Tuesday, 17 January 2017

Pound Sterling Spikes Amid Fears Of Shocking Interest Rate Rise

Pound Sterling

The sudden December jump in the Consumer Prices Index to 1.6%, much higher than expected, sent tremors through currency markets.

Sterling jumped more than a cent against the dollar, hitting $1.2189 at one point, in another volatile session.

The latest evidence of Brexit-inspired inflation came hours after Bank of England Governor Mark Carney stressed limits on the inflation Threadneedle Street would tolerate.

Interest rates could move in “either direction” after being slashed to 0.25% in the aftermath of the referendum.

Carney and his rate-setting colleagues are also focused on soaring consumer credit levels as households ignore Brexit.

“Today’s data will further fuel suspicions that the next move in interest rates could be an increase,” Markit chief economist Chris Williamson said. The Bank forecast in November that inflation will hit 2.7% by the end of this year but many experts say the cost of living could be above 3% by the summer.

The inflation figures caused yet another spasm in currency markets as Prime Minister Theresa May set out more details on her strategy for Brexit in a speech today. Worries over a hard Brexit pushed the pound to lows not seen since 1985 in the previous session.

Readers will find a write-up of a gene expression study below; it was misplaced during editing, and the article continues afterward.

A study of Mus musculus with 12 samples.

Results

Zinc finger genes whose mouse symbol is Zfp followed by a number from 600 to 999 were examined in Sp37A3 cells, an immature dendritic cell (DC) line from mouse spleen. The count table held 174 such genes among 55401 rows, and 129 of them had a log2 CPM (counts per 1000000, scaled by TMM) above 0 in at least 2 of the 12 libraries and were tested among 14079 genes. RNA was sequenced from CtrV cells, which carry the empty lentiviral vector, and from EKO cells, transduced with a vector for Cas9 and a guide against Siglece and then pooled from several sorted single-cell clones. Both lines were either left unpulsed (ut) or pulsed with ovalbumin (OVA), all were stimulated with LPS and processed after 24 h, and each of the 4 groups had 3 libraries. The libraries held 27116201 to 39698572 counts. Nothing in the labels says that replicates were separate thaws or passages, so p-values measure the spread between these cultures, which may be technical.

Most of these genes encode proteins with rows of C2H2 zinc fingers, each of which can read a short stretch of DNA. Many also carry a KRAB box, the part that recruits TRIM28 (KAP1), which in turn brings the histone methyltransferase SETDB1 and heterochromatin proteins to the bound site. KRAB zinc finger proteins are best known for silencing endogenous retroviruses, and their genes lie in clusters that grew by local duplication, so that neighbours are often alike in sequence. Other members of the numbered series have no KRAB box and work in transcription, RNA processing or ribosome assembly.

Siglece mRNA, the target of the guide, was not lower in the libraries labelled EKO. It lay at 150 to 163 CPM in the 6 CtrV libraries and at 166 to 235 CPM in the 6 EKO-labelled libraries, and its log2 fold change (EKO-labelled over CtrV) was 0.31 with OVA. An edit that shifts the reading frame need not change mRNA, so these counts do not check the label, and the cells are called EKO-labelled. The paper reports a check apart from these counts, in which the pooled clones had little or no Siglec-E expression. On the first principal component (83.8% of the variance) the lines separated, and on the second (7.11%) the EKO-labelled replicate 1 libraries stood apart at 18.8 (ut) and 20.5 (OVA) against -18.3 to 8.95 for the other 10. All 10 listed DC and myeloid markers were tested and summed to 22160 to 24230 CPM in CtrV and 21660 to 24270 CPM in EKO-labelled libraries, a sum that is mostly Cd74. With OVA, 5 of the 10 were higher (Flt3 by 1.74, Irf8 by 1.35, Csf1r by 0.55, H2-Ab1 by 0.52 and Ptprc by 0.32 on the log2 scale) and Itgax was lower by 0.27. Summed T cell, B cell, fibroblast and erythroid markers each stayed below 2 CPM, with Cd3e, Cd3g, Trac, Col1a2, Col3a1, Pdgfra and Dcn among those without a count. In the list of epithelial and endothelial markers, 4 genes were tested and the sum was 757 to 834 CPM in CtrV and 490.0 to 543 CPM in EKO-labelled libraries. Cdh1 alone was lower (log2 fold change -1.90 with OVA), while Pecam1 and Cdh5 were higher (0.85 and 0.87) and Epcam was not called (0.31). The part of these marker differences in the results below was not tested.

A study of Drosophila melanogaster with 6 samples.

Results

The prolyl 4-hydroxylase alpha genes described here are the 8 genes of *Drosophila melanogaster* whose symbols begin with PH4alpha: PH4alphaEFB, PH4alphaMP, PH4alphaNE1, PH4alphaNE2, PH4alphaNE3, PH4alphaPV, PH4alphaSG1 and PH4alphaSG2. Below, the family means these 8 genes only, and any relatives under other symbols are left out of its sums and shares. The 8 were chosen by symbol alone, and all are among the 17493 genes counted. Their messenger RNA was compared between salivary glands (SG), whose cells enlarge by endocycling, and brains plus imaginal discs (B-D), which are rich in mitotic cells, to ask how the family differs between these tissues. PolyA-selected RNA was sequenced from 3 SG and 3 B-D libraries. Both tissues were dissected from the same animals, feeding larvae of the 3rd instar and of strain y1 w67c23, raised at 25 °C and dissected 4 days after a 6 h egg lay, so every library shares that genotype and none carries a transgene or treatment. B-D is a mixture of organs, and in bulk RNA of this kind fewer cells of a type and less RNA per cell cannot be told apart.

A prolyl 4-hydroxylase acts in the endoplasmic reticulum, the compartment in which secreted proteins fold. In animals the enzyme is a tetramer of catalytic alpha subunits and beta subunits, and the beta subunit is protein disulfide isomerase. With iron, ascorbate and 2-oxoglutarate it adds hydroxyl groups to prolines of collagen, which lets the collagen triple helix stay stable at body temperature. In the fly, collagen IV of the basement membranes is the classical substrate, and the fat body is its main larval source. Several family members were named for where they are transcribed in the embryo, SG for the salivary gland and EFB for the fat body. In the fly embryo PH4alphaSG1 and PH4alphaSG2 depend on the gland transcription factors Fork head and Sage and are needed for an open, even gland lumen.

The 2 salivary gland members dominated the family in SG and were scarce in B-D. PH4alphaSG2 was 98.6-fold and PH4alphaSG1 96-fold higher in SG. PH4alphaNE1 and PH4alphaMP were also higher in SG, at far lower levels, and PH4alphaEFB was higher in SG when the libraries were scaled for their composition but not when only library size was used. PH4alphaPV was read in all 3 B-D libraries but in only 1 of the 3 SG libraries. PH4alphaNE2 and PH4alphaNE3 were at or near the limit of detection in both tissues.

The Office for National Statistics said “the majority of the broad groups of goods and services made an upward contribution” to inflation in December, which is at the highest level since July 2014 and closing in rapidly on the monetary policy committee’s 2% target.

Air fares and food prices were the main drivers behind the rise in the cost of living, while petrol prices also fell far less sharply than last year.

Figures published alongside the CPI also stressed the growing pressure on businesses, thanks to weak sterling and higher oil prices.

Input costs jumped 15.8% in the year to December, compared with just a 2.7% rise in factory gate prices, hammering manufacturers’ margins. Input prices rose 1.8% in December alone while selling prices were virtually flat.

George Nikolaidis, senior economist at the EEF manufacturers’ organisation, said: “Any respite is unlikely during 2017 as increased input costs will continue to bite into profit margins in the year ahead. Manufacturers will employ a range of strategies to counter this drag but, with some of these costs already being passed on to consumers as CPI inflation rose to a two-year high, worries about the strength of household spending this year look to be well justified.”



Etiam at libero iaculis, mollis justo non, blandit augue. Vestibulum sit amet sodales est, a lacinia ex. Suspendisse vel enim sagittis, volutpat sem eget, condimentum sem.